Fear and longing in Havana.

Fear and longing in Havana.

Fear and longing in Havana.

Notes from different corners of the world.
Sept. 6 2006 1:20 PM

"Fidel Will Get Better."

Fear and longing in Havana.

Life goes on in Central Havana. Click image to expand
Life goes on in Central Havana

Two color-coordinated elements of Cuban bureaucracy terrify me: blue-trousered police and green-shirted immigration officers. After being evicted nearly a year ago (my residency and work visa were abruptly revoked by the Cuban government), I returned in mid-August for four days. My usual angst was exacerbated by the knowledge that scores of foreign writers, producers, and journalists, attempting to enter Cuba as tourists, had been refused entry since Fidel fell ill. Traveling with a friend—a Cuban-American who had never seen her ancestral homeland—I had no idea if I'd make it through immigration.

By the time I reached the front of the line, I felt like a character straight out of Midnight Express. Sweat rolled down my forehead, and my shirt was stained from armpits to abdomen. As I walked to the booth, I handed the austere immigration official my passport.


I nodded my head on both counts.

"In what field?" he asked. More sweat dripped down my forehead.

"Production," I said. "Documentaries."


"I worked with Trimagen," I added, neglecting to mention it was only for two months. "I'm just here for a friend's birthday party."

He looked at me curiously, closed my passport, and handed it back with a tourist visa. The door buzzed open; I was as free as an extranjero in Cuba could be.

Beyond the airport, life seemed to go on despite the transfer of power from Fidel to Raúl. Workers sucking on hand-rolled cigars crammed into the backs of open-top Jeeps. Women nursed their children, and in the fields, old men, shirtless or in tank tops, cut grass with machetes. And as a backdrop to this tired spectacle stood jingoistic billboards. Their messages are different than they were a year ago, though.

Castro's brand of advertising. Click image to expand
Castro's brand of advertising

The most ardent party supporters I met with refused to accept Fidel's mortality, even with his brother's ascension to power. If Fidel's revolution had become Cuba, in the minds of many Fidelistas, there could be no Cuba without Fidel.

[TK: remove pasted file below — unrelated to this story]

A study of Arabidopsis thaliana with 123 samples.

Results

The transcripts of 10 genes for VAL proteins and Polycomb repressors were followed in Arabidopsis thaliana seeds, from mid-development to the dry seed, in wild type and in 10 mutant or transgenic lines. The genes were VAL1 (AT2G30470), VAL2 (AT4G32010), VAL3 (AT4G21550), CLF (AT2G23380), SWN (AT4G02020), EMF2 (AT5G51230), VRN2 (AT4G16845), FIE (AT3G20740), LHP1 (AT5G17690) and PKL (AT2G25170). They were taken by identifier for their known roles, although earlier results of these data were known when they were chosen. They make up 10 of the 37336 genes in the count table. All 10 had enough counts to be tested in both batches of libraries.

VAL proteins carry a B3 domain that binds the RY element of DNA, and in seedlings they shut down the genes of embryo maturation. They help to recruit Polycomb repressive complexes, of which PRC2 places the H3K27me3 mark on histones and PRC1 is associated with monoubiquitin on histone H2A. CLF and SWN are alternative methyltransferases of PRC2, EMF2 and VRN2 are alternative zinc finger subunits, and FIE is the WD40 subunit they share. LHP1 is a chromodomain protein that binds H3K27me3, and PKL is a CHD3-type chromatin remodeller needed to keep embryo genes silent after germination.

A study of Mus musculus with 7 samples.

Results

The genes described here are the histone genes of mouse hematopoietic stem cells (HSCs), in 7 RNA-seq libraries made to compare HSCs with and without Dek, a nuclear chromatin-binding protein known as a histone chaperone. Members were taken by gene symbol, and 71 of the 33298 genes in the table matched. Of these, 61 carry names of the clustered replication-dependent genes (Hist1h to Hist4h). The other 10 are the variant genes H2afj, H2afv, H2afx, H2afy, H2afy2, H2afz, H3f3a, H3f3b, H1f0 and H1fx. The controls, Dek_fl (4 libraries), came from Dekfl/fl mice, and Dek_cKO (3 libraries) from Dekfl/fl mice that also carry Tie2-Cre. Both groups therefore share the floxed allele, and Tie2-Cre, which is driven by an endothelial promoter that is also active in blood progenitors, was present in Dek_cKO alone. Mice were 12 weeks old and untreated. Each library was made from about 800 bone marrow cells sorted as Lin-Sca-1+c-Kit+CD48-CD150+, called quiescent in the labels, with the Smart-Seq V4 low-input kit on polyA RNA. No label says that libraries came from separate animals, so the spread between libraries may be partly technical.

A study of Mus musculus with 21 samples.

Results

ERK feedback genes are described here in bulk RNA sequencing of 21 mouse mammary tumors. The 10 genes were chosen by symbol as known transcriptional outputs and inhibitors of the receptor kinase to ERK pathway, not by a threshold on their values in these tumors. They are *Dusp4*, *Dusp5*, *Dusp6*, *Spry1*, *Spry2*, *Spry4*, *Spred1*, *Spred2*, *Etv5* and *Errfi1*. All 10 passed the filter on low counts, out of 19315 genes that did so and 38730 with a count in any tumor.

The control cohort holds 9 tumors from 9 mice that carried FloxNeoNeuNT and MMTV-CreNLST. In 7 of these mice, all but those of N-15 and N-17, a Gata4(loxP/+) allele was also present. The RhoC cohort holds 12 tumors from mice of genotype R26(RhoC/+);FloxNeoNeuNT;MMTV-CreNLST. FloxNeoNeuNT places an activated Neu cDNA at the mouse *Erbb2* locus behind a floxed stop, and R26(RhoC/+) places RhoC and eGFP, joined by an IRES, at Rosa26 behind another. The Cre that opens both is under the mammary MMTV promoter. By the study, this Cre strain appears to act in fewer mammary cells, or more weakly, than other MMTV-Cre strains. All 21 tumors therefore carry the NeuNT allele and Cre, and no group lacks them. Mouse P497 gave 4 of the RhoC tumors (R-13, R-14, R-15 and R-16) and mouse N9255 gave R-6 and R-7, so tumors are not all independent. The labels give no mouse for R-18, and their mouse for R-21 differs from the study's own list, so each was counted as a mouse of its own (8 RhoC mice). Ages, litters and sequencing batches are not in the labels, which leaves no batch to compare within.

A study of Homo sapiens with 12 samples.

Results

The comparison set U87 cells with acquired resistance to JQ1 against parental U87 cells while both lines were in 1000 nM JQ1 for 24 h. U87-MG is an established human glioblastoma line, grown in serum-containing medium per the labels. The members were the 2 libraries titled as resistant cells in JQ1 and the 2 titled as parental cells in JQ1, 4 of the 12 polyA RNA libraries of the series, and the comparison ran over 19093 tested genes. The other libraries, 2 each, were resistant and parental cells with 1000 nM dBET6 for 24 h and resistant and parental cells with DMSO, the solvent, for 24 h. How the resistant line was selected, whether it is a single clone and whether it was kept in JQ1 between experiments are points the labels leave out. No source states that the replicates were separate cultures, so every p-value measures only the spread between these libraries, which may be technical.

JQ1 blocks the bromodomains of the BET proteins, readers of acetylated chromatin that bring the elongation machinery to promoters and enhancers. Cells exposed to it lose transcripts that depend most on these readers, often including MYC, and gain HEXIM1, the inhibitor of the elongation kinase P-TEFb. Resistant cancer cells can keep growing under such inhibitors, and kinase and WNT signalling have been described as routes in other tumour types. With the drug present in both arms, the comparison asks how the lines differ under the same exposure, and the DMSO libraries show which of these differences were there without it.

Off Calle Infanta in crumbling Central Havana, a fiftysomething black woman confirmed just as much. Over cafecitos, the woman, a private dance teacher and active party and neighborhood-watch member who lives in a shabby one-room apartment with her rapper son, shared her views of Cuba's future.

"Fidel will get better," she said of the ailing 80-year-old. "It will be a few more weeks of rest. But when he is better, he'll go back to working, and he'll work even harder than he did before."


The response was different in a luxurious (by Cuban standards) apartment in Vedado.

In a 21-story high-rise that offered panoramic views of the city, the young couple cringed at the thought of the system surviving under Raúl or a geriatric Fidel. I conferred privately with a 25-year-old university graduate who worked in Cuba's film industry.

"What will it be like with Raúl?" I wondered aloud.


Our conversation wandered to a mutual friend, a 30-year-old who had defected to Spain six months before.

"He's lucky," my friend told me. "He did what we all want—to get out of here. If I could, I would in a second."

This, I had come to know, is the prevailing sentiment of a good number of Cuba's best and brightest. For Cuban students, the world is limitless (albeit constrained, given stringent travel restrictions), but after four or six years at the university, many I had befriended took a nihilistic view of the future.

It reminded me of what a good friend, a doctor, had told me two years ago.

"I could never have a child here," she told me. "I would be raising him into nothing."

It's probably no coincidence that the most fervent support for Fidel came from the woman who had the least and who would have been the most disenfranchised before the revolution. For her, a world without Fidel was apocalyptic, a nightmarish place where a Miami exile would steal what little she had and all the claims in Granma—Cuba's state-run news rag—were true. The young man with the most—the product of the revolution's greatest achievements in education—wanted nothing more than to flee. As 2006 draws to a close, just as it has ever since Fidel took over, the state is using fear to squeeze progressive individuals and maintain control.

Over the last 15 years—or perhaps since 1980's Mariel boatlift—Fidel has destroyed the nationalist pride of the young people who have benefited from the revolution. I admit it is impossible to verify this, but I left Cuba with the feeling that the artists, intellectuals, musicians, and filmmakers that I met—the beneficiaries of the university system and, thus, of the revolution—have very little interest in supporting Fidel. But they also have very little interest in implementing change.

Instead, they long for one thing—escape. And the people who should be making noise—raising placards, organizing, as Fidel did in the 1950s—are scared to speak publicly because they know their dream of living in a place that is not Cuba is best achieved through silence and waiting. In their minds, the system is much too strong to challenge.

What Cuba needs now is a young leader—a modern-day José Martí—who is not afraid of recriminations and can mobilize the discontent that I know to be present among the nation's youth.

Until that happens, nothing will change for Cubans. Despite their quiet bellyaching, the system seems to have won out, numbing the population into complacency.